Reporting a missing person
There is no minimum time requirement for reporting someone missing.
Report to police
As soon as someone’s whereabouts is unknown and there is concern for their safety and welfare, they can be reported missing to police. Police will prioritise suspicious cases, missing children, and those with mental illness. Try to file the report in person, and convey the reasons for your concerns (it may help to go with someone who shares your worry). Police must take reports of missing persons – do not accept being sent away.
Consider the following as you prepare to report to the police:
- Download, save and complete: Missing Person Details Form
- Provide the most appropriate recent photograph(s) and be prepared for them to be used across media.
- Be completely honest — solid information helps police prioritise. Pass on additional details as they occur to you.
- Try to establish a good relationship with the police officers handling the case.
- If applicable, ask police to triangulate their mobile phone (this can only be done if the phone is switched on).
- Ask that all stations in surrounding areas are alerted via internal communications.
- Check if the officer in charge has reason to advise against media attention before alerting media.
Remember that going missing is not a crime so police cannot make every missing person a priority. And don’t overestimate police resources – what you see on TV often isn’t realistic.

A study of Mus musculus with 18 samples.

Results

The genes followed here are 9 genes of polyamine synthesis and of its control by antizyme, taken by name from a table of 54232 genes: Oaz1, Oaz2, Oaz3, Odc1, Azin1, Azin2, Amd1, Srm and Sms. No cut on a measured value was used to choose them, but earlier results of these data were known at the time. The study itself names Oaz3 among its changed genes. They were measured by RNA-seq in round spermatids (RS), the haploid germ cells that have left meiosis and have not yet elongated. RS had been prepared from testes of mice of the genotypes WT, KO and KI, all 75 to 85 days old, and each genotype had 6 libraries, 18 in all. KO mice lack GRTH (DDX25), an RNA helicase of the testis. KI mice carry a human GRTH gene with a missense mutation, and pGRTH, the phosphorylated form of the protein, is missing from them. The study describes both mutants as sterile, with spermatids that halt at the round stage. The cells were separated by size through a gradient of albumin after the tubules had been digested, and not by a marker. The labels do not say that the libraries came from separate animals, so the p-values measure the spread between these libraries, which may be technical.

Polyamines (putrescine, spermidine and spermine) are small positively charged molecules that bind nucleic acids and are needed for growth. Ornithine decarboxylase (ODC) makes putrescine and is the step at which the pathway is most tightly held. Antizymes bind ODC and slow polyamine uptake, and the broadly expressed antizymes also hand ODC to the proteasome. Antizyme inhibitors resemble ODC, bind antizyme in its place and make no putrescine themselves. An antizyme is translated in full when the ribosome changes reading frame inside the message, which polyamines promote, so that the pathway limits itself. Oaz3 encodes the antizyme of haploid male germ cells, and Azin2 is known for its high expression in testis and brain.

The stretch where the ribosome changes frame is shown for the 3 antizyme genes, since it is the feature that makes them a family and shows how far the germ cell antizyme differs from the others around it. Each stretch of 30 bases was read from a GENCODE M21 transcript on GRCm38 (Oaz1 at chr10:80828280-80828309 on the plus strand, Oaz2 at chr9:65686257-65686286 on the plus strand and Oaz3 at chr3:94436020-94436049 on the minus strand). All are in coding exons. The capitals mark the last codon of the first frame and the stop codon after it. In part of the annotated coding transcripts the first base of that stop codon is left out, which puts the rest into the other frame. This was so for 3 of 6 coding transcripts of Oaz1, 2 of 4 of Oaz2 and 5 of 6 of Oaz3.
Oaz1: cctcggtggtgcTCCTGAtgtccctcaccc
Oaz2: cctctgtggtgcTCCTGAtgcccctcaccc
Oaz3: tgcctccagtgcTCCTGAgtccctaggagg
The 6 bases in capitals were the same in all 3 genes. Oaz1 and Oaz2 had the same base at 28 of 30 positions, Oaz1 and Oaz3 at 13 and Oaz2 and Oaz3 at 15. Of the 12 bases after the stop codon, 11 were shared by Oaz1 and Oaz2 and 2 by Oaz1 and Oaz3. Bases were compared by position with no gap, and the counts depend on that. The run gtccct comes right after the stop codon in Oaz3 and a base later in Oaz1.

National Missing Persons Coordination Centre
National Missing Persons Coordination Centre (NMPCC) is a government-funded body that complements the roles of state and territory police missing persons units. They operate under the Australian Federal Police (AFP) and are the official platform for Australian missing persons. NMPCC has arrangements with Foxtel and Chemist Warehouse to promote awareness. You must request that your loved one is added to their database – it is not automatic. They also have publications like reports and fact sheets regarding a range of issues relevant to missing persons. See: National Missing Persons Coordination Centre
If your loved one is found
Once they have been located, it is important to inform the relevant parties – police, family and friends. In the event you’ve amassed public support via social media, you should also communicate the news to your audience. Pages and accounts can be disabled or removed if/when you see fit.